About Shakespeare's New Place

The grand family home purchased by Shakespeare at the age of 33.

By 1592, William Shakespeare was an established player and playwright in London and author of at least seven plays. In 1594 he helped to found the Lord Chamberlain’s Men and held shares in the company. Five years later he had amassed sufficient wealth to afford a new family home back in Stratford-upon-Avon, known as New Place, bought from William Underhill for about £120 in 1597.

‘New Place’, or ‘the Great House’ was a medieval house built in the 1480s by Hugh Clopton in Chapel Street (opposite the Guild Chapel) and described by John Leland (librarian to Henry VIII) as being ‘a pretty house of brick and timber’.

There is one 18th-century drawing of New Place by the famous engraver George Vertue. It shows a five-gabled, three-bayed, half-timbered frontage that opened on to Chapel Street. An archaeological dig on the site of New Place (from 2010 to 2015), led by Staffordshire University for The Shakespeare Birthplace Trust, helped us to find out more. It seems that Shakespeare himself re-built the frontage and added a long gallery, a place to display objects of art and to entertain.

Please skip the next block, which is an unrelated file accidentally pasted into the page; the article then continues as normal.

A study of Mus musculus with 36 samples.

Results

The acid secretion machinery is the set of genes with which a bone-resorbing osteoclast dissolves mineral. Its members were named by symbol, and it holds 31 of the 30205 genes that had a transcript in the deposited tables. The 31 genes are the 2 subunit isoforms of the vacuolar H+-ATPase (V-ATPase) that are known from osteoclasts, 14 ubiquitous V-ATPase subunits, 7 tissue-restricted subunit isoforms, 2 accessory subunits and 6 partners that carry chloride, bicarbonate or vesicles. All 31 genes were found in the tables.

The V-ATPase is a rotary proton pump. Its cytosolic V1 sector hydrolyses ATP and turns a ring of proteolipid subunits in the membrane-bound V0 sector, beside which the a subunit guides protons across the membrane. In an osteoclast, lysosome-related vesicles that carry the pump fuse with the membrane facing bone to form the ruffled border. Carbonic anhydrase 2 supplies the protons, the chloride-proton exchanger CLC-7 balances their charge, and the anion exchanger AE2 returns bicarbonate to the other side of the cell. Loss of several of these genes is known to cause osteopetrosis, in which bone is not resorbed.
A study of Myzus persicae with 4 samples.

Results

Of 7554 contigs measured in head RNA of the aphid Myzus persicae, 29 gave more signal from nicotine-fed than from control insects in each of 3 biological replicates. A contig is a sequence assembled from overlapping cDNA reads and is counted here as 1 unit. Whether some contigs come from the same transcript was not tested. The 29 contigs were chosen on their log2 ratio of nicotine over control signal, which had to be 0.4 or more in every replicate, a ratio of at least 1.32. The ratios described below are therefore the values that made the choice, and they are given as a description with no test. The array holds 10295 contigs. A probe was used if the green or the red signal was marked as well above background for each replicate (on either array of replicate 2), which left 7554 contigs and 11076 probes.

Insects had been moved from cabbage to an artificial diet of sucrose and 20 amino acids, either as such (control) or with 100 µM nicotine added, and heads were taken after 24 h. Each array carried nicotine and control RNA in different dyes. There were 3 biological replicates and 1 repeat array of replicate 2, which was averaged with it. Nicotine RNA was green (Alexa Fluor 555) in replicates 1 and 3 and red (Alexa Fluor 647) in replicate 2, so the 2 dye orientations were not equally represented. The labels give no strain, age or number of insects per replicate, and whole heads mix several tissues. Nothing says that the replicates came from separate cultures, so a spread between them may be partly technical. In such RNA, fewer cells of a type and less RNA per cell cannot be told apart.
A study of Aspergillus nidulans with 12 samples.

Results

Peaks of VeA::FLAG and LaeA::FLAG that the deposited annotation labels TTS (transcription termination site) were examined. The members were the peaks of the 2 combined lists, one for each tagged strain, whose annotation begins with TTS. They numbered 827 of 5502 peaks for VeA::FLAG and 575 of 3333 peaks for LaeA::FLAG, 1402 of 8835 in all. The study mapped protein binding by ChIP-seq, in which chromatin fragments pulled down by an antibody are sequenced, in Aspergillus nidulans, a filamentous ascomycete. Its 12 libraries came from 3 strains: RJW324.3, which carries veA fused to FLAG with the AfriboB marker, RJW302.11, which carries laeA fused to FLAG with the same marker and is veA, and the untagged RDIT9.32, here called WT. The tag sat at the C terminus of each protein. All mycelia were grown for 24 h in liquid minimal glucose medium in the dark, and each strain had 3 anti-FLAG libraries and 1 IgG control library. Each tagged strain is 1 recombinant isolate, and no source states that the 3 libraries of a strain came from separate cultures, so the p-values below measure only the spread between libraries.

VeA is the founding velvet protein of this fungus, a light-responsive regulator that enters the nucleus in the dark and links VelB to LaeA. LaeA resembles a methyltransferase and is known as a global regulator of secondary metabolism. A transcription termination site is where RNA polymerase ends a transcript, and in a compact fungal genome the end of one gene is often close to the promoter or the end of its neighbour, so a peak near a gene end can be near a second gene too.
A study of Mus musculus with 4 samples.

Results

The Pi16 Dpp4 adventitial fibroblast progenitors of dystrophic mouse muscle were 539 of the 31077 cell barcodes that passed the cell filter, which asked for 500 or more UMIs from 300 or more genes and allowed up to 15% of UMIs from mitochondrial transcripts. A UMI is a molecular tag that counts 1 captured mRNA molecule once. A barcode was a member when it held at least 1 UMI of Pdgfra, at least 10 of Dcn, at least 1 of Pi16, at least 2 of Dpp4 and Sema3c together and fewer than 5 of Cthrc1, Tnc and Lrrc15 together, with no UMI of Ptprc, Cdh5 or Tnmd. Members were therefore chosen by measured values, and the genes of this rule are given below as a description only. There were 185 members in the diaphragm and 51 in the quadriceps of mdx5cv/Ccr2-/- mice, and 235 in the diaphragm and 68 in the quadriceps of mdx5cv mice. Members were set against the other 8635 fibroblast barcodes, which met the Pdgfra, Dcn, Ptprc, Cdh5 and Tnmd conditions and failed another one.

New Place was the largest house in the borough, and the only one with a courtyard – a significant purchase for the 33-year-old Shakespeare in 1597. There were ten hearths, which means it had between 20 and 30 rooms, plenty of space for the whole of Shakespeare’s family. Towards the back of the courtyard stood a large, late-medieval Hall, the main gathering point of the Shakespeares’ family life.

Following Shakespeare’s death in April 1616, New Place and Shakespeare’s other properties passed to ownership of his eldest daughter Susanna and her husband John Hall. The couple moved into the family home, and Shakespeare’s widow Anne would continue to live with them until her death in 1623.

New Place was then inherited by Shakespeare's only grandchild, Elizabeth and her second husband John Barnard, although the couple chose to live at Abington Manor in Northamptonshire. Elizabeth died childless in 1670, and Shakespeare’s direct line of descent ended. When the Clopton family again became owners of New Place in the second half of the 17th century, they entirely removed Shakespeare’s house and built a new one.

That house was finally demolished in 1759 by the Reverend Francis Gastrell. In 1876, The Shakespeare Birthplace Trust assumed responsibility for the site of New Place and neighbouring Nash's House.

You can learn more about the Trust's excavation of New Place by watching this video.